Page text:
Dornoch Castle Hotel
“There is much here for guest to find commendable. The on-site distillery and the superb whisky bar are clear draws, but there's also charming, family-run hospitality from the team.” - AA Inspector
Our Inspector's view
Dornoch Castle Hotel is an imposing 16th-century building, which in its current guise, as a charming, family-run hotel, has a great deal to commend. Bedrooms are either in the castle or in a newer wing though all are comfortable and well equipped. Diners are well catered for in chef, Grant MacNicol's eponymous restaurant while single-malt lovers cannot fail to be wowed by the award-winning Whisky Bar which stocks over 400 bottles. The Thompson family also have a micro distillery on-site, producing both whisky and their award-winning gin.
Facilities – at a glance
- En-suite rooms annex: 10
- En-suite rooms: 22
- Family rooms: 3
- Bedrooms Ground: 4
- Free TV
- Broadband available
- WiFi available
- Children welcome
- Laundry facilities
- Ironing facilities
- Cots provided
- High chairs
- Children's portions or menu
- New Year entertainment programme
- Outdoor parking spaces: 8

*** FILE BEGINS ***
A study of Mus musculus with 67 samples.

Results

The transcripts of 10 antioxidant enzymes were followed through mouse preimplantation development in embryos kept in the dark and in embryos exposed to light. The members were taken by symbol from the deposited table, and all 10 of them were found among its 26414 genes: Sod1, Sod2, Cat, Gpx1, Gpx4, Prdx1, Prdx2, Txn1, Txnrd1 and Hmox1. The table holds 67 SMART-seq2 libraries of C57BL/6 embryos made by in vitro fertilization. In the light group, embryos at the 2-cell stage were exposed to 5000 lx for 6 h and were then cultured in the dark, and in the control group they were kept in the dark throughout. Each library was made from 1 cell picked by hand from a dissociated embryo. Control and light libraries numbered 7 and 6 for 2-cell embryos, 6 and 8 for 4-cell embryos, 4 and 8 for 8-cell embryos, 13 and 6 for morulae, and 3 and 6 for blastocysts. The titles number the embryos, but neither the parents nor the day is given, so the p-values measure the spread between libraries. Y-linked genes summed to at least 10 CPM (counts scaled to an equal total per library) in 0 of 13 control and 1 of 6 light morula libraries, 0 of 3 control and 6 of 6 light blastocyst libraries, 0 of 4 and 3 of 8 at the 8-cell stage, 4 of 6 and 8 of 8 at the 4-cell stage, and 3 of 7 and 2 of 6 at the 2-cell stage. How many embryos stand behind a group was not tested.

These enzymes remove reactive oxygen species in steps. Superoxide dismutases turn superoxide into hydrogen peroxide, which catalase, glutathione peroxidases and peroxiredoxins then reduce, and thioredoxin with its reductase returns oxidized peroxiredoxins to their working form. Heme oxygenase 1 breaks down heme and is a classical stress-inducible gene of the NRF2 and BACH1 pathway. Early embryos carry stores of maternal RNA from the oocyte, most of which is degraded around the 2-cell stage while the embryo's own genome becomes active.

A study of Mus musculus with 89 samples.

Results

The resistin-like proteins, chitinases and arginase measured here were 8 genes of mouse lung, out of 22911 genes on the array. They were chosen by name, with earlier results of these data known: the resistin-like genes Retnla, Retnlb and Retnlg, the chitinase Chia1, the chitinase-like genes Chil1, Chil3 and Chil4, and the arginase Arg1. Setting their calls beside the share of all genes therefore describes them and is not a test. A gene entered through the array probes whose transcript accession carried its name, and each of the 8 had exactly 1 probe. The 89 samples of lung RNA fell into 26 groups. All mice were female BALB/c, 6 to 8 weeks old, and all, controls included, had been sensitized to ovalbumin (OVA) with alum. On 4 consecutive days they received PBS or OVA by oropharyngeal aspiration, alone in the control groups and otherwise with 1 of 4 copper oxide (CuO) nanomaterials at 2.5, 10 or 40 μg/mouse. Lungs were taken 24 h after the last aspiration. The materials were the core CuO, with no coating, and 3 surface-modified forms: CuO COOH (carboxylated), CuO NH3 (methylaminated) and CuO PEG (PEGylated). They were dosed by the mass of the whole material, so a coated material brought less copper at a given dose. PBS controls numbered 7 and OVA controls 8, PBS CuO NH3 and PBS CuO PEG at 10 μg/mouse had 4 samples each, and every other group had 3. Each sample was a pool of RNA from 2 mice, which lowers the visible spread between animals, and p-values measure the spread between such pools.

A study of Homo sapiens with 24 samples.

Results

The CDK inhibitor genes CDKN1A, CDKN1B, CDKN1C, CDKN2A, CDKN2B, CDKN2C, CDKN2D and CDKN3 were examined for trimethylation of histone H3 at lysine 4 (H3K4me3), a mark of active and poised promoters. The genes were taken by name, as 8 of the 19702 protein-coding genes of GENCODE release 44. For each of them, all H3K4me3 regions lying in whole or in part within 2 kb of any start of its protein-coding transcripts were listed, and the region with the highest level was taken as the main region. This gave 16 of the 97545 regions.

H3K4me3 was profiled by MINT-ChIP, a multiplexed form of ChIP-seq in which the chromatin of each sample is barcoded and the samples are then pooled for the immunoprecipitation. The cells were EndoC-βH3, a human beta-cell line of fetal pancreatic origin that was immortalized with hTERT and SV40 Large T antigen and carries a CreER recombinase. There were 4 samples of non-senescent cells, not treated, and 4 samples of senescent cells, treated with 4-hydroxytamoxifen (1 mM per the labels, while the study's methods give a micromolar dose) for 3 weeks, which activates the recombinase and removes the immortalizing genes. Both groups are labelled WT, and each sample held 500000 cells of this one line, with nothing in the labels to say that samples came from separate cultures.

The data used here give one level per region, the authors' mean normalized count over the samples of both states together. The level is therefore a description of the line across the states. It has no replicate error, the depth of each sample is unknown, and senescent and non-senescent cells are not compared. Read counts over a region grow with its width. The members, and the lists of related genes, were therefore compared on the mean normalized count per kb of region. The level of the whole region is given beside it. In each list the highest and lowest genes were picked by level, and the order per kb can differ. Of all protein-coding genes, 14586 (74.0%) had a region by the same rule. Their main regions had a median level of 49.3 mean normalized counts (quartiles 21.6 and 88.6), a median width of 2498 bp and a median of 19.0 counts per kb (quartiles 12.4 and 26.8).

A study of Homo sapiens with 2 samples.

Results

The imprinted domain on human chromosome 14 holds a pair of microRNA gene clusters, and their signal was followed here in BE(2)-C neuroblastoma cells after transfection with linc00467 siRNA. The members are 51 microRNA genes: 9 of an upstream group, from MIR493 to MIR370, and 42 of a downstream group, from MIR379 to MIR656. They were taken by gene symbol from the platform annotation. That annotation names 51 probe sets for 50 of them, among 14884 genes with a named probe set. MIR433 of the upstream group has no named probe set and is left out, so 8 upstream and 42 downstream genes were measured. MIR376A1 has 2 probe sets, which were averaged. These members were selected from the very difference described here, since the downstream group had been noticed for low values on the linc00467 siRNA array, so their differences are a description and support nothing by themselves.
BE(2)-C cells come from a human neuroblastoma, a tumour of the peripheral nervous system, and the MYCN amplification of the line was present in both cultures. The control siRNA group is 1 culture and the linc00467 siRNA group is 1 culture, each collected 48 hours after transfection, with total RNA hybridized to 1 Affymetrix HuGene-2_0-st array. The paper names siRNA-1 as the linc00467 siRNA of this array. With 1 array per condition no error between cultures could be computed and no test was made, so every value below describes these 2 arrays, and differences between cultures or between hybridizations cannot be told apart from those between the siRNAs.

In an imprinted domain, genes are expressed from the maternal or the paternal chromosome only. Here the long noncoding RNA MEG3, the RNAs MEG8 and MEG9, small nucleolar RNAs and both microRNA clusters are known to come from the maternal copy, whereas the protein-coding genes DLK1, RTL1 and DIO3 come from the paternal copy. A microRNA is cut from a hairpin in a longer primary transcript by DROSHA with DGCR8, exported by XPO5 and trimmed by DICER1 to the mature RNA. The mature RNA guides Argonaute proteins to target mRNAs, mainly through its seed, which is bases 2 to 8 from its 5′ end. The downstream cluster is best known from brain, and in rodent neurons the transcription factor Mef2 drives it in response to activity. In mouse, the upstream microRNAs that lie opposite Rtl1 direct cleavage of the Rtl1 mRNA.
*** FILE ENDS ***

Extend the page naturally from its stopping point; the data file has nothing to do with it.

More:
- Accessible bedrooms: 2
- Walk-in showers
- Single room, minimum price: £70
- Double room, minimum price: £115
- Holds a civil ceremony licence
Also in the area
About the area
Apart from the Orkneys and the Shetlands, Highland is Scotland’s northernmost county. Probably its most famous feature is the mysterious and evocative Loch Ness, allegedly home to an ancient monster that has embedded itself in the world’s modern mythology, and the region’s tourist industry. Monster or no, Loch Ness is beautiful and it contains more water than all the lakes and reservoirs in England and Wales put together. The loch is 24 miles long, one mile wide and 750 feet deep, making it one of the largest bodies of fresh water in Europe.
At the very tip of the Highlands is John o’ Groats, said to be named after a Dutchman, Jan de Groot, who lived here in the early 16th century and operated a ferry service across the stormy Pentland Firth to Orkney. In fact, the real northernmost point of the British mainland is Dunnet Head, whose great cliffs rise imposingly above the Pentland Firth some two miles further north than John o’ Groats.
The Isle of Skye is the largest and best known of the Inner Hebrides. Its name is Norse, meaning ‘isle of clouds’, and the southwestern part of the island has some of the heaviest rainfall on the whole of the British coast. Despite this, it’s the most visited of all the islands of the Inner Hebrides. It’s dominated from every view by the high peaks of the Cuillins, which were only conquered towards the end of the 19th century.